I had noticed a certain reverence in the demeanor of the mostly male guests on the Wall Street Week of the 1970s whenever Warren Buffett was mentioned, host Louis Rukeyser included. When the discussion moved to Buffett and the talk moved to “value stocks” you could detect a change of vibe almost as apparent as a change of studio lighting. Such a topic must be approached with the deepest respect is the message I got when I used to watch the show as a teenager working in the videotape room of University of North Carolina Educational Television. It ran on Friday nights just after The Creative Person, a wonderful unintended contrast of two worlds.
That was the context for my first exposure to the value stock universe: it’s that subject that comes right after poets, novelists, musicians and artists and just before the weekend. What I have to say about what I’ve learned about it starts there.
A couple of years after watching Wall Street Week every Friday night, I picked up a copy of the Graham and Dodd book and taught myself as much as I could understand. I got this much: if you studied financials, sometimes you could find stocks worth more than the market price. It reminded me of when I bought 45 rpm records from a wholesale record distributor in Brooklyn for 59 cents and sold them to my Teaneck, New Jersey junior high school friends for 89 cents. Oh, now I see.
It’s the same basic principle: buying what can be identified as cheap and selling it to others at a higher price which, in the case of stocks, means later as in after a period of time. It sounds simple but there’s a lot of work involved to get there. Or, you can skip it and try your hand at growth stock investing, a method much more popular lately. Value stock analysis is a long walk through metrics that were used as long ago as the 20s and 30s – old school, to be sure, but, to me, that’s the beauty of it.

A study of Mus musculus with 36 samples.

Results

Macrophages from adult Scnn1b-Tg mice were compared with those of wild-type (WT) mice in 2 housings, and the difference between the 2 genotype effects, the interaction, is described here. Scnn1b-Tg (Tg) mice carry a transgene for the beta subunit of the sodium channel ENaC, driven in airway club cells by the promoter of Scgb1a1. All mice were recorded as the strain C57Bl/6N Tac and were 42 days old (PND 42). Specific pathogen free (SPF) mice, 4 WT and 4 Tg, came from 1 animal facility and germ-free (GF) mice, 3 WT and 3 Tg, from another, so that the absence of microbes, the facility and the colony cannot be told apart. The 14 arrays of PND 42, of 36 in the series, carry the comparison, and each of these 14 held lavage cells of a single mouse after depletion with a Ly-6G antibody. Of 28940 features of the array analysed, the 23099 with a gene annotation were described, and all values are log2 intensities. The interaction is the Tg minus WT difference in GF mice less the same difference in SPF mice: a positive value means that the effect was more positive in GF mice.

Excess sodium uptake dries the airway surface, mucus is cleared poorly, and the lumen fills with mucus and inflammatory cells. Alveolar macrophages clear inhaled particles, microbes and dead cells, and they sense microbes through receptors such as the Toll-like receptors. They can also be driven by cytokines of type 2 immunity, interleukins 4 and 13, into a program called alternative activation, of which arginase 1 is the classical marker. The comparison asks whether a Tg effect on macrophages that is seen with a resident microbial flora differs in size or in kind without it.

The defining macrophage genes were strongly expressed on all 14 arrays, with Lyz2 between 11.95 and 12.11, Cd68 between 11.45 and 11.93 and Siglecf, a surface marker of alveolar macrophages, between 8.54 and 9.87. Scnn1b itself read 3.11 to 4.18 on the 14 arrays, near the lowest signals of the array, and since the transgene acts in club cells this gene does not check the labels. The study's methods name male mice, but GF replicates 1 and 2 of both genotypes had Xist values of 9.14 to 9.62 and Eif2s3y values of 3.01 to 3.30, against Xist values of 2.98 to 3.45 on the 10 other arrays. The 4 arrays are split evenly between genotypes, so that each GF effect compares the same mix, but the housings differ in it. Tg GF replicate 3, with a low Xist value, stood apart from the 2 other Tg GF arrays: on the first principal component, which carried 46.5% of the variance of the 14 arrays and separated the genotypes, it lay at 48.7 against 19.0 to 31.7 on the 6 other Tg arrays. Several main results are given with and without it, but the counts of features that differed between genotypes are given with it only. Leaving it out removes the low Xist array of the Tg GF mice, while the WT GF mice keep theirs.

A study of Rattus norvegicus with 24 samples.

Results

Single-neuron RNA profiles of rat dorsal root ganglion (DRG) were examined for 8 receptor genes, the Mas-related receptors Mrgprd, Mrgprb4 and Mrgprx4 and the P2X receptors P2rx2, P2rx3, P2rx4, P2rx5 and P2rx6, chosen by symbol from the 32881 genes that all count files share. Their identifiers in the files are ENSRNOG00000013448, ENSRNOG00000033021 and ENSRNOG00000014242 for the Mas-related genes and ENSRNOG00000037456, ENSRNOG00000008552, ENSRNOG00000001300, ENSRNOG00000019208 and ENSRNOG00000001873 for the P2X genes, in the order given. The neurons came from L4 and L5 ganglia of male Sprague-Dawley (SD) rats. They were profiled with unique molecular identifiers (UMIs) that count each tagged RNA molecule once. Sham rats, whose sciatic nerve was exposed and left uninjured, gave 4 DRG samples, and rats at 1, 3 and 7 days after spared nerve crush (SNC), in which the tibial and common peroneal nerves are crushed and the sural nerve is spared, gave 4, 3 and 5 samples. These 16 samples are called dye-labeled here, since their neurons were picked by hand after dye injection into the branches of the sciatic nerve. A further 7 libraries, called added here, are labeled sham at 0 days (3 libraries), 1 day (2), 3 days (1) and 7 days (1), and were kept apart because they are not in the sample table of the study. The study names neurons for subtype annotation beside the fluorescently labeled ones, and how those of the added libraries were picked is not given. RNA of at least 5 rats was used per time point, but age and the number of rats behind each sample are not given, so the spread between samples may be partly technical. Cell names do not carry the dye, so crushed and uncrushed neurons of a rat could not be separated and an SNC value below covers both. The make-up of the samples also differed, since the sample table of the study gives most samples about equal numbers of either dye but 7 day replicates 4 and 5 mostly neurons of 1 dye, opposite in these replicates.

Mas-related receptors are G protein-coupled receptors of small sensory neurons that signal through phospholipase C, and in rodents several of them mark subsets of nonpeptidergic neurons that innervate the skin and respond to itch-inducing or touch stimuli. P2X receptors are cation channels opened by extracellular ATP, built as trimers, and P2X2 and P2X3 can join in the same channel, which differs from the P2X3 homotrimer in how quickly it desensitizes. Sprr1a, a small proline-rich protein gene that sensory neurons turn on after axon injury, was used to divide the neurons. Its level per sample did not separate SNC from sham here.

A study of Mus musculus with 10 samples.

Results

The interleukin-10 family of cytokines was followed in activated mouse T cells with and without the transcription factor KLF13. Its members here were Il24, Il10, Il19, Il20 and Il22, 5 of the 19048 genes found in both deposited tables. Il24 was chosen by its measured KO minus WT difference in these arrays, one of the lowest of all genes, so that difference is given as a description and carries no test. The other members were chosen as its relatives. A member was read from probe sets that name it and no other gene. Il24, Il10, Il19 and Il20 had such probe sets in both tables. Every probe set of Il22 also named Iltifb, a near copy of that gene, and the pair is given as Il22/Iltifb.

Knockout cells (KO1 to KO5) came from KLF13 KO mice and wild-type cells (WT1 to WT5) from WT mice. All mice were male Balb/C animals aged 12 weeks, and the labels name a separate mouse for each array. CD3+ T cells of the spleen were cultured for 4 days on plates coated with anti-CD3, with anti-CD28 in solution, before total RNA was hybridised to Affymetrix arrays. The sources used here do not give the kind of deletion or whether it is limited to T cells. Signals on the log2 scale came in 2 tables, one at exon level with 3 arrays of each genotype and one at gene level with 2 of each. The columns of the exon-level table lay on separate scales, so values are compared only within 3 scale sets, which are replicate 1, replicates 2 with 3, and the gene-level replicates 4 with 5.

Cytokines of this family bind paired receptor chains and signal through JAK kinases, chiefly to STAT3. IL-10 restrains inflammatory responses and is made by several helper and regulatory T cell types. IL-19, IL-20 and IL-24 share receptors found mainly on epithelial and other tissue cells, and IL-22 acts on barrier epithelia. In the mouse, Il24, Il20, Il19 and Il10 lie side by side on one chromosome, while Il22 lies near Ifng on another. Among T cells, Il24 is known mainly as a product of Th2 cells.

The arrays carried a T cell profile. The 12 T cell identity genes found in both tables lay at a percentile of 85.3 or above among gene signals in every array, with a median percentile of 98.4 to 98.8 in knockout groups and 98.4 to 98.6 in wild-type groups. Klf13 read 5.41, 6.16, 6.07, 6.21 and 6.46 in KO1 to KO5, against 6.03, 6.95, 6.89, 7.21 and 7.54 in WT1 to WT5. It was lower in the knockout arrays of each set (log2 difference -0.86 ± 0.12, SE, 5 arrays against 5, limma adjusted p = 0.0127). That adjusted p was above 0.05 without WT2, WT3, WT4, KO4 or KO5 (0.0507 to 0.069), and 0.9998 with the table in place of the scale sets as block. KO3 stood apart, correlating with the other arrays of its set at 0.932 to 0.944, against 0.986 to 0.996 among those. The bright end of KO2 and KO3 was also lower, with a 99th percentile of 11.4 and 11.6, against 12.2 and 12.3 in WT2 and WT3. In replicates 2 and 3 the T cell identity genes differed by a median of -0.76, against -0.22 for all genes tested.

When I started becoming interested as a teenager, I didn’t realize that the market could be divided up into types or categories of stocks. I had the standard outsider’s view that the main thing was the company story and the strength of the brand: GE made good light bulbs, must be a pretty good stock. IBM made big computers, must be a decent investment. Chase Manhattan is a huge bank in New York City, must be the way to go. It didn’t dawn on me for years that digging deep into financials could be telling in a way that wasn’t apparent on the surface.
The Meaning of Value.
Every stock is a value stock of some kind. You could say that there’s “value” even in the riskiest of businesses based on the wackiest of ideas – the value is present in the potential for great reward. Emphasis on “the potential.” The problem is most companies like this eventually go out of business and it’s usually sooner rather than later. A select few garner huge rewards, but that’s rare. Mostly, high risk, unhedged and over time, gets murdered.
But when seasoned investment analysts mention the word “value” as they’re ranting away on CNBC about stocks, they’re referring to something specific and it has to do with less risk, not more. A value stock has value when it meets a certain set of criteria that indicates the current market price is less than its intrinsic worth.